When you're recovering from a workplace injury, having a doctor you trust is essential. For this reason, Louisiana's workers' compensation law allows injured workers flexibility in selecting a healthcare provider to oversee their treatment.
Choosing a Doctor to Treat Your Workplace Injury
Every state has different rules regarding the choice of doctors for treating a workplace injury. For minor injuries, Louisiana workers' compensation law allows you to choose your own treating doctor and to switch from one specialty to another without needing prior approval from your employer or insurer. This means that you could seek initial care from your regular family doctor and be referred to a specialist without needing approval.
If your injuries are expected to exceed $750 of care, however, your doctor must obtain approval from the workers' compensation insurer to continue treatment unless the treatment is classified as a medical emergency. The insurer is not allowed to withhold consent for treatment without probable cause such as a dispute over whether your injuries are actually work related.
If you receive bills for your medical care related to a workplace injury, they should be forwarded to your employer or your employer's workers' compensation insurer. Do not submit medical bills directly to the Louisiana Office of Workers' Compensation Administration, as this will only delay payment of the claim.
Receiving Initial Care From Your Employer’s Doctor
Some larger employers have a doctor on call to treat injured workers. If you received initial medical care from your employer's doctor, you do not have to continue treatment with this provider. The law allows you to switch to your own doctor, if desired.
Your employer may also provide you with a list of approved doctors to choose from before you begin medical treatment. These doctors will have an established relationship with the insurer and experience in treating the most common workplace injuries. You may choose to see a healthcare provider on this list for your own convenience, but you are not legally required to do so.
If Your Request to Choose Your Own Doctor Is Denied
If your employer denies your request to choose your own doctor to handle your workplace injury, you will want to have your attorney request a hearing before a workers' compensation judge to resolve the issue.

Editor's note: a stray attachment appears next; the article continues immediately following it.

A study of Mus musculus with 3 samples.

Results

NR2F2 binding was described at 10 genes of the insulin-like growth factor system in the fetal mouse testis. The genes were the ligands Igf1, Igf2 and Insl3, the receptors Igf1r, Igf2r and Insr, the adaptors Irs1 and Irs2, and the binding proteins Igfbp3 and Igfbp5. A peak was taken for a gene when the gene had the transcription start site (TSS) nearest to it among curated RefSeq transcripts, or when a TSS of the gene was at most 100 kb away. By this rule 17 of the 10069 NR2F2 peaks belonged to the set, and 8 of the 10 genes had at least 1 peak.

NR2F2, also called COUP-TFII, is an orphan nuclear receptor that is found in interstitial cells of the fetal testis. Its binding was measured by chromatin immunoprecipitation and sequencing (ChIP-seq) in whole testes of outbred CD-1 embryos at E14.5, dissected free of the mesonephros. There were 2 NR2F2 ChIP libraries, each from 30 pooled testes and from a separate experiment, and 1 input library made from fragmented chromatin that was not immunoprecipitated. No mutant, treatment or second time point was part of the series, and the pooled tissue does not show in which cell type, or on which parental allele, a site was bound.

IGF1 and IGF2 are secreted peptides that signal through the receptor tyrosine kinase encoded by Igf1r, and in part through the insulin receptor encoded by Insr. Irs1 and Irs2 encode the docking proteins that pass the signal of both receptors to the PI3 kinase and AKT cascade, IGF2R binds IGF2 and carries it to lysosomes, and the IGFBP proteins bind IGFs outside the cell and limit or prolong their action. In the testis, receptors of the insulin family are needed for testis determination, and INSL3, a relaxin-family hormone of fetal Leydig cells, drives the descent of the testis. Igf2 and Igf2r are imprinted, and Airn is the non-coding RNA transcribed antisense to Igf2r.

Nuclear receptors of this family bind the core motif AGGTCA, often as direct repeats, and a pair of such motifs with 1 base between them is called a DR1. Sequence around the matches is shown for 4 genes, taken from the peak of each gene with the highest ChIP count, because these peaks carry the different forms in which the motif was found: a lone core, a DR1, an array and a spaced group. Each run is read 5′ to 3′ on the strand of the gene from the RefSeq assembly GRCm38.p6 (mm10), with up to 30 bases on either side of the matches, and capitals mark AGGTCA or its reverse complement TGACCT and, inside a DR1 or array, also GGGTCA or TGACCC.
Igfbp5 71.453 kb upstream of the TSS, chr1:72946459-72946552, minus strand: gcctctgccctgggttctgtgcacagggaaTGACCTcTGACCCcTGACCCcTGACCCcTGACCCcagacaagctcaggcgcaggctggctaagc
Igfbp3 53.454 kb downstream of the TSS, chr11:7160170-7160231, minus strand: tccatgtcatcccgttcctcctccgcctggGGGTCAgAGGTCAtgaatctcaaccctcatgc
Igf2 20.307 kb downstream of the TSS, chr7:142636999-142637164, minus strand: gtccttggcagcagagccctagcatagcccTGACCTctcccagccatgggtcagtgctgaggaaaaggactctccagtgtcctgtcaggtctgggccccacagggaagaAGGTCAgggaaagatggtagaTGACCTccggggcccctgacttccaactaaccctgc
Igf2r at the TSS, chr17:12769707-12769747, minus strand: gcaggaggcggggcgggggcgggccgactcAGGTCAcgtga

If you are unhappy with the quality of care you received from your first-choice provider, you must obtain prior approval from the workers' compensation insurer before switching to another doctor in the same specialty. No approval is needed if the second doctor practices in a different specialty.
Medical Examinations Requested by Your Employer
Your employer has the option to request that you be examined by a doctor chosen by the company. If you fail to agree to this exam, your payments may be temporarily suspended.
If your doctor and your employer's doctor don't agree regarding the severity of your condition or the proper course of treatment, you may be entitled to an Independent Medical Examination (IME). An IME can be requested by completing Form LWC-WC 1015 and forwarding it to the Medical Services Section of the Office of Workers' Compensation Administration.
Neblett, Beard & Arsenault Can Help
Workers' compensation law can be quite complex, and the process of settling your claim can seem overwhelming when you're focused on recovering from your work-related injury. Retaining an experienced workers' compensation attorney to advocate on your behalf can ensure that your case is resolved promptly and that you receive the maximum possible benefits under the law.
If you do not retain an attorney, the workers’ compensation insurance adjuster is typically the party who is making decisions and administering the claim. Since the insurance adjuster’s loyalty is to his employer, these decisions may not truly be in your best interest.
Neblett, Beard & Arsenault’s legal team is committed to helping Louisiana residents who've sustained on-the-job injuries resolve their workers' compensation claims. Contact us today to schedule a free, no-obligation case review.